Retroperitoneal space

Gray1126.png
Transverse section, showing the relations of the capsule of the kidney. (Peritoneum is labeled at center right.)
Details
Identifiers
Latin spatium retroperitoneale
Dorlands
/Elsevier
s_16/12746619
TA A10.1.01.002
FMA 15080
Anatomical terminology

The retroperitoneal space (retroperitoneum) is the anatomical space (sometimes a potential space) in the abdominal cavity behind (retro) the peritoneum. It has no specific delineating anatomical structures. Organs are retroperitoneal if they have peritoneum on their anterior side only. Structures that are not suspended by mesentery in the abdominal cavity and that lie between the parietal peritoneum and abdominal wall are classified as retroperitoneal.[1]

The retroperitoneum can be further subdivided into the following:[2]

  • Perirenal space
  • Anterior pararenal space
  • Posterior pararenal space

Retroperitoneal structures[edit]

Structures that lie behind the peritoneum are termed "retroperitoneal". Organs that were once suspended within the abdominal cavity by mesentery but migrated posterior to the peritoneum during the course of embryogenesis to become retroperitoneal are considered to be secondarily retroperitoneal organs.

  • Primarily retroperitoneal, meaning the structures were retroperitoneal during the entirety of development:
  • Secondarily retroperitoneal, meaning the structures initially were suspended in mesentery and later migrated behind the peritoneum during development:
    • the head, neck, and body of the pancreas (but not the tail, which is located in the splenorenal ligament)[3]
    • the duodenum, except for the proximal first segment, which is intraperitoneal[4]
    • ascending and descending portions of the colon (but not the transverse colon, sigmoid or the cecum)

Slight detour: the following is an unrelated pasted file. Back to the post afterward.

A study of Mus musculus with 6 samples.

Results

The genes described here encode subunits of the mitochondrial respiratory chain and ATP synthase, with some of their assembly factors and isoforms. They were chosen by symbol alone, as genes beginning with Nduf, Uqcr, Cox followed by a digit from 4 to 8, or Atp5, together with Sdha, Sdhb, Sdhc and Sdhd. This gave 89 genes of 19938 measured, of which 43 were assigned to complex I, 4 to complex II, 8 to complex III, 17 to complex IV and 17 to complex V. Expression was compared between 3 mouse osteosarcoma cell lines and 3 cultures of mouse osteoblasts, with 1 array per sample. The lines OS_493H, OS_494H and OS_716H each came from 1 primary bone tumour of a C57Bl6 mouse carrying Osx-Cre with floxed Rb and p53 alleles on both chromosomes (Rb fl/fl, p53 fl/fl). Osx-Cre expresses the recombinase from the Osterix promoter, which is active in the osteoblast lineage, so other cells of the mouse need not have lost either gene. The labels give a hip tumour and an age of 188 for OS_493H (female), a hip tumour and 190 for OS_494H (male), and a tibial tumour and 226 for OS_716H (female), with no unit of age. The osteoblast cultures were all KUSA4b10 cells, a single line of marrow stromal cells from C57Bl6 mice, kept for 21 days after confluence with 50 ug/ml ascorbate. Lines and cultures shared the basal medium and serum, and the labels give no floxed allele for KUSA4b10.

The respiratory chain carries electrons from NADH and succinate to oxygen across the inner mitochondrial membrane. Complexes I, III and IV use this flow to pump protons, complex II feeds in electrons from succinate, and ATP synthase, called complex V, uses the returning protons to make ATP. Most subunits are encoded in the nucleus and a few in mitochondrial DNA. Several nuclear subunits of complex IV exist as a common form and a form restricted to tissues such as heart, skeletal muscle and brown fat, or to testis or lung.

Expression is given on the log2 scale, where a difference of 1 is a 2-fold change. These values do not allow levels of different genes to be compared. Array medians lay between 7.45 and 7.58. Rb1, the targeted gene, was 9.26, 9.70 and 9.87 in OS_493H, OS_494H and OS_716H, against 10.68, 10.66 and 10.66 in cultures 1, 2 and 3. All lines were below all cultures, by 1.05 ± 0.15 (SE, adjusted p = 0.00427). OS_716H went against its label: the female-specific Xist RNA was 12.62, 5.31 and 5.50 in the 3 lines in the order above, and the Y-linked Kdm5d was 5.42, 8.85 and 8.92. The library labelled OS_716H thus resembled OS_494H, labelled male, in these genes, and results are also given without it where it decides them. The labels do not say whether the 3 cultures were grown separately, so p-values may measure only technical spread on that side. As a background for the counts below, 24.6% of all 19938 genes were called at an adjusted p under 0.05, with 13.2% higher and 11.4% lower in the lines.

Subdivisions[edit]

Perirenal Space

Bounded by the anterior and posterior leafs of the renal fascia. It contains the following structures:

Anterior pararenal space

Bounded by the posterior layer of peritoneum and the anterior leaf of the renal fascia. It contains the following structures:

Posterior pararenal space

Bounded by the posterior leaf of the renal fascia and the muscles of the posterior abdominal wall. It contains only fat.

Clinical significance[edit]

Bleeding from a blood vessel or structure in the retroperitoneal such as the aorta or inferior vena cava into the retroperitoneal space can lead to a retroperitoneal hemorrhage.

See also[edit]

References[edit]

  1. ^ Gray's Anatomy for Students, 2nd Ed. 2010. Pg. 251
  2. ^ Ryan, Stephanie; McNicholas, Michelle; Eustace, Stephen (2004). Anatomy for Diagnostic Imaging. Sydney: Saunders. p. 191. ISBN 978-0-7020-2620-1. 
  3. ^ Kyung Won Chung (2005). Gross Anatomy (Board Review). Hagerstown, MD: Lippincott Williams & Wilkins. p. 256. ISBN 0-7817-5309-0. 
  4. ^ K. L. Moore; A. F. Dalley; A. M. R. Agur (2005). Clinically Oriented Anatomy. Hagerstown, MD: Lippincott Williams & Wilkins. p. 1209. ISBN 0-7817-3639-0.